Boeing’s pace of 737 Max deliveries slowed again in February amid intense scrutiny over product quality.

However, the US airframer succeeded last month in accelerating narrowbody deliveries to customers in China, a country that had been essentially closed to new 737s until recently.

Boeing handed over 27 aircraft in February, the same number as in January, but still at a significantly slower pace than which it was delivering jets in 2023, the company said on 12 March.



February deliveries included only 18 737s, down from 25 in January, among them were 17 737 Maxs and one 737NG-based P-8 maritime patrol aircraft.

Boeing’s 737 Max delivery pace has significantly slowed in recent months despite the company’s previous plans to be ramping up shipments of the CFM International Leap-1B-powered jets.

The airframer cooled its production pace after a mid-cabin door plug blew out of an Alaska Airlines 737 Max 9 during a 5 January flight, sparking investigations by the the National Transportation Safety Board and Federal Aviation Administration. The civil aviation regulator has prohibited Boeing from expanding 737 Max production.

Despite the slowdown, Boeing in February shipped six 737 Max aircraft to Chinese airlines – notable because the country’s carriers only started receiving new narrowbodies again in January. Those operators had halted deliveries for almost five years starting in March 2019, when regulators globally grounded the type.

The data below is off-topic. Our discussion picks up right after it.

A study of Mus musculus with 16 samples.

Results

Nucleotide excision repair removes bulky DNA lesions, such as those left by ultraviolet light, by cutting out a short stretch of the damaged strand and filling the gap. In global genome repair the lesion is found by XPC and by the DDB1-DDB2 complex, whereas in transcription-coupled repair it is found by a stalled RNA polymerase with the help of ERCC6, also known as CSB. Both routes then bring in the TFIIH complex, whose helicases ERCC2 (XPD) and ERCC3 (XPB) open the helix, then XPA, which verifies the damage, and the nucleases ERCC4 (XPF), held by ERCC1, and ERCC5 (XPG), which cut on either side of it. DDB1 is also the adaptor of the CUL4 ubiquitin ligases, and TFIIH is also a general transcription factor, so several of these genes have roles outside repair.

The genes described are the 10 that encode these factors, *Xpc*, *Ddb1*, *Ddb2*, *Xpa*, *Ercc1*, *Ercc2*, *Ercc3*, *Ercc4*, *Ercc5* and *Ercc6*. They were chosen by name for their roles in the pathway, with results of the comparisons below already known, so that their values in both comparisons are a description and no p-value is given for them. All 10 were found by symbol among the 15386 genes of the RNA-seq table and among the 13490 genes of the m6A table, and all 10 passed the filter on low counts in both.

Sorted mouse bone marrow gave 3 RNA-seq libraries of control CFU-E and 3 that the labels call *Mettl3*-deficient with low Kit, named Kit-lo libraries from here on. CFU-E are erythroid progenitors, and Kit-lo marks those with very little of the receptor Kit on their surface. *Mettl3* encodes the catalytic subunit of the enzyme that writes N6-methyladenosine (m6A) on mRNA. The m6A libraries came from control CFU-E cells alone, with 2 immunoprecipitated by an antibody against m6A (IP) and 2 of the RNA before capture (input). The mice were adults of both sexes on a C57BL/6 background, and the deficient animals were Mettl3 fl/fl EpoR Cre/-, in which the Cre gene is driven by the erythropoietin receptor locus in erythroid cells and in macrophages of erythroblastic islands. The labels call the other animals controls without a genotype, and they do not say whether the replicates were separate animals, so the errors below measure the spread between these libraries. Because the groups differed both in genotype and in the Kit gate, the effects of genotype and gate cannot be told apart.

As a result, Boeing has been sitting on a stockpile of 737 Max jets earmarked for Chinese airlines which it badly needs to clear those from its books.

In February, six Chinese airlines – 9 Air, Air China, China Southern Airlines, Donghai Airlines, Shandong Airlines and Xiamen Airlines – each received one 737 Max, Boeing says. The company had delivered two 737 Max to Chinese airlines in January.

Boeing’s February deliveries also included nine widebody jets, including seven 787-9s, of which Hawaiian Airlines received its first, Air Canada received one, Etihad Airways received three, and Korean Air and Turkish Airlines each took one.

Its other deliveries last month included one 767 Freighter received by FedEx and one 767-based KC-46 military refuelling jet.

The manufacturer landed new orders in February for 15 aircraft, including 10 737 Max and one 777F ordered by customers that Boeing declines to name, and four 787-9s for Royal Brunei Airlines. Boeing recorded no cancellations last month

Including accounting adjustments, Boeing ended February with 5,591 aircraft in its backlog, down from 5,599 at the end of January.